Wal-Mart and rent seeking
Government intrusion into the marketplace has so many unintended and unforeseen consequences — like Wal-Mart (!) coming out in favor of government mandate that employers provide health insurance. Why? Here is how a flabbergasted Heritage Foundation explains it:
Why would Wal-Mart – the nation’s largest employer – endorse such an idea. Simple: It would cripple many of their competitors. Much ink has been spilled on the effect Wal-Mart has on small retailers. Wal-Mart’s large size enables them to extract low prices from manufacturers, and that – combined with efficient, computerized inventory operations enables them to undercut – and sometimes drive out of business – small “mom-and-pop” retailers.
An employer mandate to provide health insurance would enhance Wal-Mart’s cost advantage. Wal-Mart has 1.4 million U.S. employees, and can negotiate a health insurance contract for them all at once. As a large multi-state employer, they can self-insure and provide coverage under federal ERISA regulations, which exempts them from costly compliance with most state health insurance regulations.
Wal-Mart’s small competitors have neither of these advantages. Employers with less than 20 employees often pay more than twice as much per employee for the same coverage, and small employers must comply with sometimes-onerous state regulations.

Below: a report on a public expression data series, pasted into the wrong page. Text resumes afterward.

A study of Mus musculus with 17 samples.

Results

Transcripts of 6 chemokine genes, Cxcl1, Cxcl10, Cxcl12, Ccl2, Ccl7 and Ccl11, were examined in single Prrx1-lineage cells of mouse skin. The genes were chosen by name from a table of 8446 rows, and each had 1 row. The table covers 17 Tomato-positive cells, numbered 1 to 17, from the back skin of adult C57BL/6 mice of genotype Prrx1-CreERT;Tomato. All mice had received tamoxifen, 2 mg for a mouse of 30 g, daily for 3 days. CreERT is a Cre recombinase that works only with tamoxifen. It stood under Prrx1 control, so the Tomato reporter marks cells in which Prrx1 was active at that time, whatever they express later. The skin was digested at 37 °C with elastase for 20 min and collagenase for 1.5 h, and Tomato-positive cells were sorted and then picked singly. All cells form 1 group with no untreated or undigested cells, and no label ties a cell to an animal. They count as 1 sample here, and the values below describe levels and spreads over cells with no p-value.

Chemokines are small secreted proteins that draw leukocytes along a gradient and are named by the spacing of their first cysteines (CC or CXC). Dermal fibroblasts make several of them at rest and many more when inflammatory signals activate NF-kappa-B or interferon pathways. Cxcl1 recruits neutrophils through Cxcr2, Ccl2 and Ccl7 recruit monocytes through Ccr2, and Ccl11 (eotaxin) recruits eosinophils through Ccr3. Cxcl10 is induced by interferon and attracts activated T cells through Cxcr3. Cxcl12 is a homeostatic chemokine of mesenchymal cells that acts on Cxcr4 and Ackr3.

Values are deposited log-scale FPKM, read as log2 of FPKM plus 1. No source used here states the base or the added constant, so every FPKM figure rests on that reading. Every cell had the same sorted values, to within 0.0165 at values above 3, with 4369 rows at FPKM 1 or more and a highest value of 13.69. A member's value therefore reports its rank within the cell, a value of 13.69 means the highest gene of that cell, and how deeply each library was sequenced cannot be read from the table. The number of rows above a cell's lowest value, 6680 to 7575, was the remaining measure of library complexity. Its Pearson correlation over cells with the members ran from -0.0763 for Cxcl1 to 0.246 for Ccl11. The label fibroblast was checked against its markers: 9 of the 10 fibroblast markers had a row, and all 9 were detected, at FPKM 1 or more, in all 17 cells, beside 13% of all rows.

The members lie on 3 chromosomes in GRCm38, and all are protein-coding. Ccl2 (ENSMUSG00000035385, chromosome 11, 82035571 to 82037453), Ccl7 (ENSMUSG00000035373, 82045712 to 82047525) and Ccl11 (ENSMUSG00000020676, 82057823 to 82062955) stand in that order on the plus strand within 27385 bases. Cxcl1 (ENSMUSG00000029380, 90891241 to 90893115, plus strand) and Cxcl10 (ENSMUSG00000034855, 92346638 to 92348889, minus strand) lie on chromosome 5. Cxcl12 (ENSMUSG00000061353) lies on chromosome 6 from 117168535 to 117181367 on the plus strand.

Supporting the employer mandate is just another way large business can harness the forces of government to hobble their smaller competitors. The employer mandate would impose much higher costs per employee on small retailers than it would on Wal-Mart. They would have to charge higher prices to compensate, which would put them at a substantial competitive disadvantage. Many of these small retailers would be forced out of business.
And the befuddled Michael Cannon of the Cato Institute has a moment of clarity:
A couple of years ago, I shared a cab to the airport with a Wal-Mart lobbyist, who told me that Wal-Mart supports an “employer mandate.” An employer mandate is a legal requirement that employers provide a government-defined package of health benefits to their workers. Only Hawaii and Massachusettshave enacted such a law.
I couldn’t believe what I was hearing. Wal-Mart is a capitalist success story. At the time of our conversation, this lobbyist was helping Wal-Mart fight off employer-mandate legislation in dozens of states. Those measures were specifically designed to hurt Wal-Mart, and were underwritten by the unions and union shops that were losing jobs and business to Wal-Mart.
But it all became clear when the lobbyist explained the reason for Wal-Mart’s position: “Target’s health-benefits costs are lower.”
I have no idea what Target’s or Wal-Mart’s health-benefits costs are. Let’s say that Target spends $5,000 per worker on health benefits and Wal-Mart spends $10,000. An employer mandate that requires both retail giants to spend $9,000 per worker would have no effect on Wal-Mart. But it would cripple one of Wal-Mart’s chief competitors.